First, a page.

The cover story of the G section in Saturday's Globe features interviews with Mystic Brewing's Bryan Greenhagen (above) and Boston Beer founder Jim Koch. Mystic produced 300 barrels of beer in 2012. Samuel Adams produced 2.7 million.
"We definitely get a lot of the super enthusiasts, because we are sort of on that bleeding edge," says Greenhagen. "We’re doing a native beer using yeast that we got from Massachusetts. Putting that in a package and putting it out there, it’s a little bit scary in a sense. Who’s going to grab that and not really know what we’re actually doing?"
Greenhagen said restaurants are the next big frontier for craft beer. He said places serving local food ask for his beer often. He's a fascinating guy, and the Chelsea tap room is worth checking out. Greenhagen wants Mystic to be a representation of Boston, and he thinks there's a place for even the smallest brewers.
"These little tiny brands might have a real business by capturing the one percent, two percent that's being abandoned by people becoming national," said Greenhagen. "It's becoming regional. There's breweries that are branding themselves now after streets, and it's like, 'A street?'
"There's so little you can make anyway that you're not competing too much. You're not pushing somebody off the shelf with three-year old sour beer."
Both brewers were knowledgeable and gracious, giving credit to others in the industry. They were also forthcoming. Koch in particular has a problem with hob-bombs, the big, boozy, 100-plus IBU beers that have been en vogue in recent years. I asked Koch what he thought of the Alchemist's Heady Topper and other massive IPAs. In a part of the interview that didn't make the paper, Koch said, "They're big IPAs. There's 100 of them. Are they new or interesting? Not really. I mean they're good, but there's nothing I'm going to learn from tasting that. There's not a huge set of skills to make an 80-IBU beer."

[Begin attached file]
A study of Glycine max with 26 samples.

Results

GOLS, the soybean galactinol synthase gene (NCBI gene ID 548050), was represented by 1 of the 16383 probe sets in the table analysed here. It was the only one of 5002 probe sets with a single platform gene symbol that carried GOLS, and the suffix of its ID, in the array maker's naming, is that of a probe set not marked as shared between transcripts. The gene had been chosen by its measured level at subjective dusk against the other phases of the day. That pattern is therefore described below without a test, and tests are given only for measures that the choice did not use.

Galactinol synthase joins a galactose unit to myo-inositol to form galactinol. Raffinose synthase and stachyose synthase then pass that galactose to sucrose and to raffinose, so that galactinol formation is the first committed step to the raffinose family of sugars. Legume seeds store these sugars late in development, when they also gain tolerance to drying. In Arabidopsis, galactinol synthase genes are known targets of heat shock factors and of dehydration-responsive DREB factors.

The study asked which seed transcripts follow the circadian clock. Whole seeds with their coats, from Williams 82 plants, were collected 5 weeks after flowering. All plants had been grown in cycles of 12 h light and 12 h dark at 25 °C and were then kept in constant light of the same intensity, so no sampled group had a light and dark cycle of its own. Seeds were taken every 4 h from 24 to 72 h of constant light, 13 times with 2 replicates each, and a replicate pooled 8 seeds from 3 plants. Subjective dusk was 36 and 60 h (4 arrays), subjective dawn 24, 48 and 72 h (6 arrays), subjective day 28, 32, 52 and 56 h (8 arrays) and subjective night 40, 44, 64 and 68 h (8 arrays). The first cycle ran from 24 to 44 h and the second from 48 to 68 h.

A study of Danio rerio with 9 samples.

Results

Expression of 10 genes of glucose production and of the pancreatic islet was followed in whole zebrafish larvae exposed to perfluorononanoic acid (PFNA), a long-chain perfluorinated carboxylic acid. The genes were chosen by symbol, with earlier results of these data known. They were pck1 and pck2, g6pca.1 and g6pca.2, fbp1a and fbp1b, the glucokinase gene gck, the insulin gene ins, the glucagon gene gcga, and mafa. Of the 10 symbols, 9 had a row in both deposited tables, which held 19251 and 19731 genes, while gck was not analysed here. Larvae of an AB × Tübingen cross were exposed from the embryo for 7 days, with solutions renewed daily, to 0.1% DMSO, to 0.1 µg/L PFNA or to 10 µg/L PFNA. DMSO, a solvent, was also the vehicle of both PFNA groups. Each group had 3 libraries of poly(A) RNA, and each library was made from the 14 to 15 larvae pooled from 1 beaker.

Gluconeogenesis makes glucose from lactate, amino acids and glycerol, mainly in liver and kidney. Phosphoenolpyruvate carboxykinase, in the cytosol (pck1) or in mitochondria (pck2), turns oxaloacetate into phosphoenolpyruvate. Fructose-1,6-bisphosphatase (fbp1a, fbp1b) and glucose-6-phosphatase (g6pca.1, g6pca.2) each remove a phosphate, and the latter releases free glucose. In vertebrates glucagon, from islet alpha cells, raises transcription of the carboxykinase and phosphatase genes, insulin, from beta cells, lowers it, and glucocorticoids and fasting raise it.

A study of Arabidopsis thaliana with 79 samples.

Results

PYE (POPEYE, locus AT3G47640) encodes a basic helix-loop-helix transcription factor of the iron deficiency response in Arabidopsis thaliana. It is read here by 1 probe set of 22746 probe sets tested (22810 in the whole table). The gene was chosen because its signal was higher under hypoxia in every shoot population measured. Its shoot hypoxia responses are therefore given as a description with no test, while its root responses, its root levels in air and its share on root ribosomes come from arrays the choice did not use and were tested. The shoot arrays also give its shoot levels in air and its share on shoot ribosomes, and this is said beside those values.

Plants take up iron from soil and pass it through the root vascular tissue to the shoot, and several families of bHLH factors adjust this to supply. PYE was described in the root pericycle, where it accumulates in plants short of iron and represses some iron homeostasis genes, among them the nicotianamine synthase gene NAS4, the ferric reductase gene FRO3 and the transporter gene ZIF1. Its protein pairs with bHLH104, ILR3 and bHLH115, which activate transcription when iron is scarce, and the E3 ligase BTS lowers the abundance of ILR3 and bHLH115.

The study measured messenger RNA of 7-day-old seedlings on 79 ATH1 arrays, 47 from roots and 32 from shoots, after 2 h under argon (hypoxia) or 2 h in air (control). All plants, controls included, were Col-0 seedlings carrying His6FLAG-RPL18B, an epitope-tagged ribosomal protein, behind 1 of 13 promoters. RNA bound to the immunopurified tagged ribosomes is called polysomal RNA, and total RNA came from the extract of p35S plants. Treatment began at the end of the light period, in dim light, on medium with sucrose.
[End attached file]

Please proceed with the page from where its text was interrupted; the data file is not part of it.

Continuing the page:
"There's probably 100 really good 80-IBU IPAs, and there's probably 500 or 1,000 that are out there. It's not that they're bad. It's like drinking Bud or Miller or Coors. You know what you're going to get, you're not going to be surprised. If you're surprised it's generally a bad surprise."
Koch expanded on what he meant.
"I think you go through stages as a beer drinker. And there is an early stage where you want the hoppiest stage that you can get. And then you go past it. It's like scotch drinkers, there's a stage where you want the peatiest, smokiest scotch and think that's quality. But you get through that stage, and then you're looking at the real fundamentals of quality, which to me is not just a lot of flavor but is balance, and complexity and harmony. That's kind of where I am. Let me see what flavors they put in there and how they came together. Because that I'll learn from. There's a real purpose of the brewer's art, which is not to make strange, exotic, extreme. At the end of the day the purpose of the brewer's art is to make beers that give people pleasure."
I encourage you to check out the rest of the interview on BostonGlobe.com (it's behind a paywall, though you do get several articles a month free). There's a nice spread in the print edition as well. Cheers.